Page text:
Analysts believe that AstraZeneca may go hunting for a takeover of its own after US drugs giant Pfizer abandoned its efforts to buy the British group for more than £69 billion.
Pfizer’s decision to walk away had been widely expected after Astra rejected last week’s £55-a-share “final proposal”, arguing that a deal would present “significant risks for shareholders”.
The US maker of Viagra had until 5pm today to announce whether it would be making a formal offer for the group, but two hours before the deadline elapsed the group confirmed that it would not be pressing ahead with a bid.
Ian Read, the Scots-born chairman and chief executive of Pfizer, said: “We continue to believe that our final proposal was compelling and represented full value for AstraZeneca based on the information that was available to us. As we said from the start, the pursuit of this transaction was a potential enhancement to our existing strategy.
“We will continue our focus on the execution of our plans, bringing forth new treatments to meet patients’ needs and remaining responsible stewards of our shareholders’ capital.”
Pfizer’s takeover attempt was formally launched at the end of last month, but hostility to the proposed deal included criticism over plans for the newly-merged drugs giant to be redomiciled for tax purposes in the UK while retaining headquarters in New York.
Some analysts now believe that Astra, led by chief executive Pascal Soriot, may look to complete a takeover deal of its own in a bid to boost revenues and help fend off another approach.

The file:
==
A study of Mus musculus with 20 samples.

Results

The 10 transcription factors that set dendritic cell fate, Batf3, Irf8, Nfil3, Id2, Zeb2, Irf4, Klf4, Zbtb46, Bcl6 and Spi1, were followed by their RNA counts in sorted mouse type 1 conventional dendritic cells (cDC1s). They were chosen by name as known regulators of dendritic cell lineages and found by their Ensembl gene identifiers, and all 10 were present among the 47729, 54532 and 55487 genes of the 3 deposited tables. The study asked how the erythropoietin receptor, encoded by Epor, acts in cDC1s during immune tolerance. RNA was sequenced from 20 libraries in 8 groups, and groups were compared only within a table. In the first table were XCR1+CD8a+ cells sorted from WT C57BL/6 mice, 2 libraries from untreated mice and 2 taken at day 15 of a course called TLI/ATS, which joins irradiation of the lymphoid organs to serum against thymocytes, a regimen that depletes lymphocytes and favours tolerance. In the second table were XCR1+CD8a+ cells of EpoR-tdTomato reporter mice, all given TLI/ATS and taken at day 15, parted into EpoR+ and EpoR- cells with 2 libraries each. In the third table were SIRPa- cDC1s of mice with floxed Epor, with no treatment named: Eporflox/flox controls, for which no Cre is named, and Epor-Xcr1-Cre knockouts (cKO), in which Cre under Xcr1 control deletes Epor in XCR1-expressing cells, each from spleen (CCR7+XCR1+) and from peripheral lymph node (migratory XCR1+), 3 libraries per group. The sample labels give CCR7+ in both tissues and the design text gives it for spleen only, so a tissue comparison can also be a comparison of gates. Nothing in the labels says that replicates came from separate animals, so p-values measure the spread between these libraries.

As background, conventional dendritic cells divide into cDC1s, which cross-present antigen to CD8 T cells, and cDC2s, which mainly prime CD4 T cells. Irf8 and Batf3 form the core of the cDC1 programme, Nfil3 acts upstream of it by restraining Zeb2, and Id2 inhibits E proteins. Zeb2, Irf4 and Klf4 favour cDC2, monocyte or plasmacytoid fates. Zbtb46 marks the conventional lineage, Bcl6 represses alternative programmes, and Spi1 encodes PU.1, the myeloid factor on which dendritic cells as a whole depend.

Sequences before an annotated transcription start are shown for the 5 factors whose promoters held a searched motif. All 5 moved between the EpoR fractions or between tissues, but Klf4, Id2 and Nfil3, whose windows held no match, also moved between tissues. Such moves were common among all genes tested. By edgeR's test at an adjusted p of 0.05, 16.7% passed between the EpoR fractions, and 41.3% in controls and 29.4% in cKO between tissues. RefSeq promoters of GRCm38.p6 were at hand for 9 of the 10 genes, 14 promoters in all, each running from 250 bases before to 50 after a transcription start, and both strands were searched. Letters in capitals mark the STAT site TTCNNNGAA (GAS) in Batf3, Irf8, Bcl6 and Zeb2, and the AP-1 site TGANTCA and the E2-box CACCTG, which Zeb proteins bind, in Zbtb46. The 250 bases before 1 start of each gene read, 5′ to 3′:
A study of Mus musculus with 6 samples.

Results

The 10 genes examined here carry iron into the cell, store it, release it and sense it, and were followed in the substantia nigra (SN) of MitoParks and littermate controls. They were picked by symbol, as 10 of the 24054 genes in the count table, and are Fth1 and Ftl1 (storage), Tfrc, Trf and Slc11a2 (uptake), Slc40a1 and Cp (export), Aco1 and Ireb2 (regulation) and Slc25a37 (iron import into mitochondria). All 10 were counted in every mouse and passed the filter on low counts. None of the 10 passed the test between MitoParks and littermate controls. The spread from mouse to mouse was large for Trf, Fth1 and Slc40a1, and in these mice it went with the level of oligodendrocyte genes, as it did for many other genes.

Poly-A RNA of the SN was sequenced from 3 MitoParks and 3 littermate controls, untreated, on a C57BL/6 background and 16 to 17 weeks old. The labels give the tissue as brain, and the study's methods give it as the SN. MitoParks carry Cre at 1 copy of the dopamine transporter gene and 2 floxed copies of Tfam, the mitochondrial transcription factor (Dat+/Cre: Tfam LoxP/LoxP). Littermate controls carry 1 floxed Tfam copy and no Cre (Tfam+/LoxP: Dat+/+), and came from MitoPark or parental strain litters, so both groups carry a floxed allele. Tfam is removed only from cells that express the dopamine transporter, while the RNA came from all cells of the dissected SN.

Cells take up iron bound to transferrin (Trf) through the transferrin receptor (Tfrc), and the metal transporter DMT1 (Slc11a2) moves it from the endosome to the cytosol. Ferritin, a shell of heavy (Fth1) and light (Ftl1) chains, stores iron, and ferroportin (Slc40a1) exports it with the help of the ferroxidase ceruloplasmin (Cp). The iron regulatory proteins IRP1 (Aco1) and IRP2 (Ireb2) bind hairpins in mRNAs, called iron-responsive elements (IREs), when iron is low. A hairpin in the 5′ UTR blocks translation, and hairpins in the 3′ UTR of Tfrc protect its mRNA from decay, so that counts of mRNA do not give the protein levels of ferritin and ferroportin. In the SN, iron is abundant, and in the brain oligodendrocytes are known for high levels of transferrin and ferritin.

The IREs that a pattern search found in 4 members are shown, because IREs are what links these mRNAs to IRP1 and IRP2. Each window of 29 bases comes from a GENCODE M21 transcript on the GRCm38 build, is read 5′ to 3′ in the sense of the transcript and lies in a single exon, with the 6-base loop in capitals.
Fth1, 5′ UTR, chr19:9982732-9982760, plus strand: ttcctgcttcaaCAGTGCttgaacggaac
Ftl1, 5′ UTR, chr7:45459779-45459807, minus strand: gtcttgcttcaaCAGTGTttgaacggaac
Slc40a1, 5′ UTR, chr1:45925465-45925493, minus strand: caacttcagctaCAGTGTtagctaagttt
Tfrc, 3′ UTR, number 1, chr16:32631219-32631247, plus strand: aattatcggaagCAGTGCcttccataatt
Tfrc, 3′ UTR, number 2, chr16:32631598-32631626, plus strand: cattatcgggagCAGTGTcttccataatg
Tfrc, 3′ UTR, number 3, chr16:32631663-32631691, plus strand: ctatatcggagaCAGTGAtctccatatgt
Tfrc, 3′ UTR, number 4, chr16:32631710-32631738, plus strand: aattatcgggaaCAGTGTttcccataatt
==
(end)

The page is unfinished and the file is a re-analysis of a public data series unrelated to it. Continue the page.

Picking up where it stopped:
Mark Purcell of Barclays said: “The probability of a future AstraZeneca acquisition is dimmed, but not entirely extinguished.”
Kepler Cheuvreux analyst Fabian Wenner added: “The push to make good on its promise of revenue growth could spur it to acquire another company – even though such a move seems to conflict with Soriot’s assurances that AstraZeneca can go it alone.”
Under City takeover rules, Astra could ask its US suitor back to the negotiating table after a three-month cooling-off period. Although that would mark a dramatic change in sentiment for the firm – which has consistently argued against a tie-up – major investors such as BlackRock and Schroders are believed to be keen for talks to resume.In the absence of an invitation, Pfizer will have to wait at least six months if it wanted to make a fresh approach.
Robert Talbut, chief investment officer at Royal London Asset Management, said Astra had been “very dismissive” of the proposed deal, and believes the board should have “engaged more” with investors and its US suitor.
He added: “As shareholders we want to make sure that, if a deal is going to be turned down, it’s been turned down for exactly the right reasons.
“We want them now to explain to us why they haven’t explored this more and why it wasn’t in the best interests of shareholders for this to go ahead.”
Astra chairman Leif Johansson said: “We are fully focused on the delivery of our strategy. We have attractive growth prospects and a rapidly progressing pipeline. In the coming months, we anticipate positive news flow across our core therapeutic areas, which underpins our confidence in the long-term prospects of the business.”